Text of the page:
Electrocardiographic Changes Predict Angiographic Vasospasm After Aneurysmal Subarachnoid Hemorrhage
Background and Purpose—Early identification of patients at risk of angiographic vasospasm after aneurysmal subarachnoid hemorrhage (SAH) may mitigate its sequelae. One mechanism that may contribute to angiographic vasospasm is increased central sympathetic activity, which is also thought to cause electrocardiographic (ECG) changes after SAH. Here, we perform the first study to determine the association between ECG changes and angiographic vasospasm after SAH.
Methods—Exploratory analysis was performed on 413 patients from CONSCIOUS-1, a prospective randomized trial of clazosentan for the prevention of angiographic vasospasm. ECGs were obtained within 24 hours of aneurysm rupture and during the vasospasm risk period. Angiographic vasospasm was assessed using catheter angiography at baseline and 7 to 11 days after SAH. Multivariate logistic regression was used to identify significant associations.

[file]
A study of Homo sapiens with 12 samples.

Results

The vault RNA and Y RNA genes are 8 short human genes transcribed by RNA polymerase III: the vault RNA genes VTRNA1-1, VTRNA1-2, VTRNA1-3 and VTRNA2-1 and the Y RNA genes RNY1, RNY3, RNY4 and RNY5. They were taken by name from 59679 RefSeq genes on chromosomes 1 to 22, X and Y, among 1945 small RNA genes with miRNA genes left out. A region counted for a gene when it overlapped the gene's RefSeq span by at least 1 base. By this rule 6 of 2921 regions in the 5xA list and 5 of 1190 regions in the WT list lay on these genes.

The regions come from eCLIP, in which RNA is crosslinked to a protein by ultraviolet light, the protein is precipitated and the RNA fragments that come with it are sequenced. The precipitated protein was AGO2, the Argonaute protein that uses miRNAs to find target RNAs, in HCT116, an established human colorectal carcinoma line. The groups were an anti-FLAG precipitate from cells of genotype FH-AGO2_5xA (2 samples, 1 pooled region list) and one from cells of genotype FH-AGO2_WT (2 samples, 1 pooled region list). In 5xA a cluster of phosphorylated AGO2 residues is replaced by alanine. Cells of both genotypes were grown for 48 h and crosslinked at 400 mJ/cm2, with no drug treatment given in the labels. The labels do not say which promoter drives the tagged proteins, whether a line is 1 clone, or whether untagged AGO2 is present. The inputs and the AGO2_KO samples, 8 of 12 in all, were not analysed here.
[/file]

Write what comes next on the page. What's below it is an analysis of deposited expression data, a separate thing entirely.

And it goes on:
Results—The most prevalent finding on ECG both immediately following SAH and during the vasospasm risk period was QT prolongation (42% and 25%, respectively). A prolonged QT interval and tachycardia on the baseline ECG were associated with angiographic vasospasm (OR, 1.86; 95% CI, 1.00–3.45; and OR, 10.83; 95% CI, 1.17–100.50, respectively). QT prolongation on ECG during the vasospasm risk period was also associated with angiographic vasospasm (OR, 3.53; 95% CI, 1.67–7.39). No ECG findings were associated with delayed ischemic neurological deficit, but tachycardia and ST changes were associated with worse clinical outcome.
Conclusions—QT prolongation and tachycardia on ECG were independently associated with angiographic vasospasm after aneurysmal SAH on multivariate analysis.
- Received April 3, 2012.
- Accepted April 30, 2012.
- © 2012 American Heart Association, Inc.